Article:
Since the first model hit the market in the 2000s, robotic vacuum cleaners have advanced rapidly. They can swiftly clean every corner without much bumping around, and the latest versions are close to defeating their long-time nemeses: cables and shoelaces. 

They comes with a price, though, and we are not talking only about money. To deal with obstacles, modern robot vacuums are equipped with sensors, GPS or even cameras! Using powerful tools to collect your dust, your smart vacuum also gathers something else – your personal data.  

Cases like the leaked pictures of a woman sitting on toilet raise questions about how much your robot vacuum knows about you and – more importantly – what it is sending to someone else.  

Just how much does your vacuum cleaner know about you? 

A few well-known cases might give us some hints.  

In early 2022, the MIT Technology Review acquired personal photos of in homes and intimate photos captured from low angles. According to the publication, these pictures were taken by a development version of iRobot’s Roomba J7 series. 

iRobot – one of the world’s most prominent vendors of robotic vacuums – confirmed that these images were captured by its Roombas in 2020 as part of a product development process. 

The pictures were taken by the Roomba and then sent to Scale AI, which uses them for AI development and which, ultimately, helps iRobot to improve its products by recognizing more objects and obstacles. Unfortunately, in this case, a number of Scale AI gig workers did not respect their privacy agreements and shared the photos taken by the vacuum cleaners on private groups on social media. 

Show me your house, I’ll tell you what you need 

In August 2022, Amazon announced its intention to acquire iRobot. In a time of bigger regulatory concern over market competition and privacy, the deal sparked about what data could be collected by Amazon and how it could be used. In July 2023, the European Commission announced an official investigation into the deal to understand whether the deal it could give a company like Amazon a big advantage to its Marketplace business; i.e., if the images collected could be used to improve organic purchase suggestions and better tailored ads based on real personal data.     

For example, robotic vacuum cleaners can learn your daily routine based on the cleaning schedule you set. Likewise, saved house floor maps reveal a home’s size and design, which can suggest income levels and other information about one’s living conditions. And, of course, a data leak could potentially reveal images of your place, including ways of identifying who you are and where you live. 

Cold War-like espionage by your vacuum cleaner? 

Inspired by the eavesdropping technique, which has been in use since the Cold War, the 2020 research conducted by computer scientists from the National University of Singapore (NUS) and the University of Maryland (UMD), used the navigation systems of robot vacuums and converted them into laser microphones.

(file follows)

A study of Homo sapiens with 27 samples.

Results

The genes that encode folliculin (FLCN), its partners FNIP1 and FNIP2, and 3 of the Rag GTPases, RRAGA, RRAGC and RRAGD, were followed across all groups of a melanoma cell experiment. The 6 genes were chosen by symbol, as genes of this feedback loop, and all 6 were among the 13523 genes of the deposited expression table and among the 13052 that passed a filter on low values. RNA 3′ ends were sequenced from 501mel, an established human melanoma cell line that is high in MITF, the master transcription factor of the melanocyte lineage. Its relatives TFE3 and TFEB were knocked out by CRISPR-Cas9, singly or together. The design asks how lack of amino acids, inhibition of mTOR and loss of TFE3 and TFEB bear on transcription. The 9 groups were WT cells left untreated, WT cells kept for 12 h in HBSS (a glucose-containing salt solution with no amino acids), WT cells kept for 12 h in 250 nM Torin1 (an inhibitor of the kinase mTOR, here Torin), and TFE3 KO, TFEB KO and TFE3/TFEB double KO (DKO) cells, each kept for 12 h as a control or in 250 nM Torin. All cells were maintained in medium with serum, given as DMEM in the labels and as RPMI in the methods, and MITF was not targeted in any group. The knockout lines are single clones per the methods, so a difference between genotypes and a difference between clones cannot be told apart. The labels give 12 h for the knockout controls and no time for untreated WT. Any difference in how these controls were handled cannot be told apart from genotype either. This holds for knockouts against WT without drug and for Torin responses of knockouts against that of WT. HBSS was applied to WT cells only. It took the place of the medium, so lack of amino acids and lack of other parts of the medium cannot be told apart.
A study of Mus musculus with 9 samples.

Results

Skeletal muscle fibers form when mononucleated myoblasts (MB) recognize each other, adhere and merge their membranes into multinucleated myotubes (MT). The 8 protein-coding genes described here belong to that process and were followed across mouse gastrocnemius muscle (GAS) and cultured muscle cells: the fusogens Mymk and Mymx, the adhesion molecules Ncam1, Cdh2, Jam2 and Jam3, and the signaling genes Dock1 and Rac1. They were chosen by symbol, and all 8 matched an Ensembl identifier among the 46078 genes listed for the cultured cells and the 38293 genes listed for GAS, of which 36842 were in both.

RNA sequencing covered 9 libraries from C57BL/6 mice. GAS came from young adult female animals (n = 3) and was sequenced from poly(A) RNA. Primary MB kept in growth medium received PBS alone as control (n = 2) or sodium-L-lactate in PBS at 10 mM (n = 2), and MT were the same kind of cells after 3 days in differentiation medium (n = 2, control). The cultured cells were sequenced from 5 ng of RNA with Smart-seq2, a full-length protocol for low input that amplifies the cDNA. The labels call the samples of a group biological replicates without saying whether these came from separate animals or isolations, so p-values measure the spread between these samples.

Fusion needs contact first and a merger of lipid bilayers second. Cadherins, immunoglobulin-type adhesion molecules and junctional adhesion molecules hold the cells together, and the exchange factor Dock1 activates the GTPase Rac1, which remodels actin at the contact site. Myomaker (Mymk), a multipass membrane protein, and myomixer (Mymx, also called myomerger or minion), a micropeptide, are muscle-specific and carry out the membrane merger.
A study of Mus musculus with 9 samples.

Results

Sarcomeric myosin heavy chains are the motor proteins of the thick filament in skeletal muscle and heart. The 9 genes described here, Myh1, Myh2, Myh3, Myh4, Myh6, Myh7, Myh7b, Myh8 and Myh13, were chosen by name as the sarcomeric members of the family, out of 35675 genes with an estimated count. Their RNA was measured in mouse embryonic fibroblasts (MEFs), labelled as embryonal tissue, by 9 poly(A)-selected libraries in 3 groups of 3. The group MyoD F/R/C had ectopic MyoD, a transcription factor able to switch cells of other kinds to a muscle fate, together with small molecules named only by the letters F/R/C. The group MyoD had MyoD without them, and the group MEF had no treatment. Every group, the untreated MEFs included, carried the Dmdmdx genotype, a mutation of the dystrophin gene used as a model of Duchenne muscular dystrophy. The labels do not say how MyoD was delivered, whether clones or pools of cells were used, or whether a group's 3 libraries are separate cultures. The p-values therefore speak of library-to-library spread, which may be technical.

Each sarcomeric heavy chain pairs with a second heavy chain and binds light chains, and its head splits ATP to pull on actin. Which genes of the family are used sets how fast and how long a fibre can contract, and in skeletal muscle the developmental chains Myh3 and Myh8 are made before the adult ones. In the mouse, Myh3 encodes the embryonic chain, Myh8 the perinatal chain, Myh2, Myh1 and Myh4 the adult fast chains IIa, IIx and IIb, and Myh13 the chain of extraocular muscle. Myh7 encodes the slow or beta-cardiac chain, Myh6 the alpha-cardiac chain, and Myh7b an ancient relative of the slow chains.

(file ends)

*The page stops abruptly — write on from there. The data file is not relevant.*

This way, with an object such as a vacuum cleaner inside your house, it is possible to record changes in vibrations produced in response to the pressure waves created. These changes can, ultimately, be converted so that a conversation taking place in that room can be listened to. 

The more capable a smart device is, the more it knows about you 

Recent versions of robotic vacuum cleaners usually keep a map of your house and can be operated via a smartphone app. Many of these models also feature voice control, usually compatible with Amazon Alexa or Google Assistant. And most of the smart capabilities come from cameras, sensors and microphones. 

If you want a privacy-focused robot vacuum cleaner, consider those that rely on inertial measurement combining gyroscopes and accelerometers. The reason is simple: Such devices do not need cameras, lasers or mapping to work. However, the drawback is that they move less effectively than their high-end counterparts and may repeatedly run through some areas of your home.  

When it comes to phone control over a vacuum cleaner, use secure mobile apps instead of voice control.  

How to protect your data – points to consider before purchasing a new smart vacuum 

  • Some models can operate offline without some features like remote control or scheduling. Others need to be specifically set not to send data to the manufacturer’s server.  
  • Many cleaners also can be prohibited from entering certain rooms, such as a bedroom or a bathroom. This can be done through settings or by using virtual wall barriers.   
  • Before buying your new little robot, also check out its manufacturer. Choose those that favor data encryption and require two-factor authentication to access the robot’s mobile apps. 
  • Choose a vendor that offers regular updates to the mobile app and the vacuum’s firmware. 
  • Always check the lifespan of the product you’re buying and for how long it is expected to receive manufacturer support. 

Trading privacy for convenience 

The evolution of smart vacuum cleaners is an example of people trading privacy for convenience. The more capable our smart devices are, and the more data they are allowed to gather, the more they intrude upon our lives; hence there is a lower guarantee of anyone keeping their privacy fully intact. 

However, for those who value their privacy and data protection over convenience, the best way to stay out of sight is to stick with good old “dumb” devices. Using a standard vacuum cleaner may require more time to finish a weekend clean-up, but at least it won’t take pictures of you sitting on the toilet. 

Nonetheless, if you still find robotic vacuum cleaners too convenient to avoid, then being selective with their settings and the data points they can gather is one way to retain some semblance of control over your privacy.